Bordowitz asks his reader “what images would [they] like to see more of” and encourages his reader to “make them” (176). In addition to making images of what people want to see, it’s also important to raise awareness about the lack of representation to big mainstream media companies; the producers of movies, TV shows, etc. that reach mass audiences. If one can’t make the images themselves, they can make their own content explaining what they feel is missing in mainstream media.

This had me thinking a lot about queer representation and reminded me of a video I saw a few months ago. In April of this year, Buzzfeed made a mock PSA video titled “Stop Killing Queer Women (On TV).” In the video, several queer women discuss how often queer female characters get killed on television shows. If you’re like me and you follow a lot of queer shows or shows with queer female characters, you understand that this is a real trend that happens on TV shows. The beginning of the video even says, “At some point in her life, every young queer woman will lose someone they love to television’s dead lesbian syndrome.” Some actual statistics the video says is:

  • “Since 1976, 65% of all queer female television characters have died”
  • “In 2015 alone, 24 queer female characters have been killed on television”
  • “Already in 2016, there have been 12 deaths”

The fact that 65% of all queer female characters since the 70’s have died shows that this has become a pattern. They don’t even leave the show for other reasons. They just get murdered or die in some way. The question is, why?

Here’s the video:


5 responses »

  1. ariatung says:

    I don’t have a answer to your question as to why queer people get killed off. But it is very wrong how so many times, underrepresented/minority groups are the ones to get killed from a show/movie. It has real ramifications for viewers- it can project ideas of these people being worthless or not important enough to be represented. Cause often when underrepresented groups are in media, they are killed off. Media needs to work on changing this so everyone can be represented in a positive manner and have real time on television.

  2. ddmaoz says:

    I think this is really important since it points to the fact that a mere increase in representation isn’t enough. So often “diverse” representation turns into a hegemonic representation of these marginalized identities. In some cases they are highly stereotypical and harmful, or, as you point out, they just get killed off.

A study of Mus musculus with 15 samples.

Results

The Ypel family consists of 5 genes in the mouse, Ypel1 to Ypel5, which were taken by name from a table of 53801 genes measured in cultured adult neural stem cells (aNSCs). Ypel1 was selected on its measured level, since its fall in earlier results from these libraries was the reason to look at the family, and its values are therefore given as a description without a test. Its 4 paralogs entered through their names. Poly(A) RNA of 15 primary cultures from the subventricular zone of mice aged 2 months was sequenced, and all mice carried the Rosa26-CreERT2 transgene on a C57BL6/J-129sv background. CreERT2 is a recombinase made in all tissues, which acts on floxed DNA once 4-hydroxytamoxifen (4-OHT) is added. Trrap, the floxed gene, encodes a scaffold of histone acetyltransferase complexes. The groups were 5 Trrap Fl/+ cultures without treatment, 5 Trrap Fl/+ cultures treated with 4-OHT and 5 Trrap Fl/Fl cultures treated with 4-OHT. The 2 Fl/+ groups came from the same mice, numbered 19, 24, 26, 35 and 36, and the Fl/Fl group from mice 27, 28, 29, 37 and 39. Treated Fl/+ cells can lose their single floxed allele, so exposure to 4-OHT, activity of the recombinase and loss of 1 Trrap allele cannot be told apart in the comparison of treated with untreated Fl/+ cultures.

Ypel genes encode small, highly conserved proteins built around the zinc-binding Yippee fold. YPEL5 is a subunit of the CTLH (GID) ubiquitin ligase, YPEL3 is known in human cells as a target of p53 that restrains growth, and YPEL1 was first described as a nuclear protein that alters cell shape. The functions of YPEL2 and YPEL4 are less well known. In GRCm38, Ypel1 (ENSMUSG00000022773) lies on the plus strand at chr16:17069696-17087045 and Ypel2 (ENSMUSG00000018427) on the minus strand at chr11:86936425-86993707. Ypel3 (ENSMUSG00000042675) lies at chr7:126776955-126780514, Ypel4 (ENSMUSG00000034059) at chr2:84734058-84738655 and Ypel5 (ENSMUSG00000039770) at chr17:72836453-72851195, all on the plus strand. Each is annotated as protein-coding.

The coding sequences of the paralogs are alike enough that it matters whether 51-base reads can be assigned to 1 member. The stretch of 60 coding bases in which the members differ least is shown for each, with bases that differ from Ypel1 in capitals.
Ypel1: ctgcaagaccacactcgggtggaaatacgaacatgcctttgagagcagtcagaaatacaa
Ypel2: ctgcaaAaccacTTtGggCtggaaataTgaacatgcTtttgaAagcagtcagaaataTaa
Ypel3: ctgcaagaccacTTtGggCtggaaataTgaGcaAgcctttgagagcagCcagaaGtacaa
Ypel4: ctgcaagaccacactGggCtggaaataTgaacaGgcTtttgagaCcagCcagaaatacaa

3. krystalyiranli says:

    Many of the characters representing the minority groups get killed on the television and this is not the real “diversity” of media representation. What the media needs to do is truly representing minority group in a positive way, instead of continuously marginalized them.

  4. bhedigan says:

    This falls under the incredibly harmful “bury your gays” trope that continues to pervade popular media today. The trope came about by early Hollywood’s homophobia, and manifested in their portrayal of queer characters. According to Hollywood, these characters were ‘wrong’ and as such had to be shown as ‘evil’ (the “depraved homosexual” trope) or needed to be killed off to show the inherent ‘wickedness’ of their lifestyles (the “bury your gays” trope). The fact that this trope continues to be so widely used in today’s media is startling, to say the least. One site I’ve been following counted up all of the lesbian and bisexual female-presenting characters killed in mainstream television during the 2015-2016 season and it was bad: 26 characters, accounting for 10% of all character deaths during that season. Here’s a link if anyone would like to read more:

  5. maddiernelson says:

    This is shocking, but it really shouldn’t be. I feel like to many of us it doesn’t make sense but women are indeed the most susceptible to violence, especially women/trans-women from the queer community.
    This is a major missed opportunity on the part of television shows that try to increase representation but not make a real statement about the communities they are claiming to represent.. It is super problematic because I don’t feel like most of these shows are making productive social commentary, rather just following the status quo that these women live a life that is more dangerous and unsafe in our reactionary heteronormative society.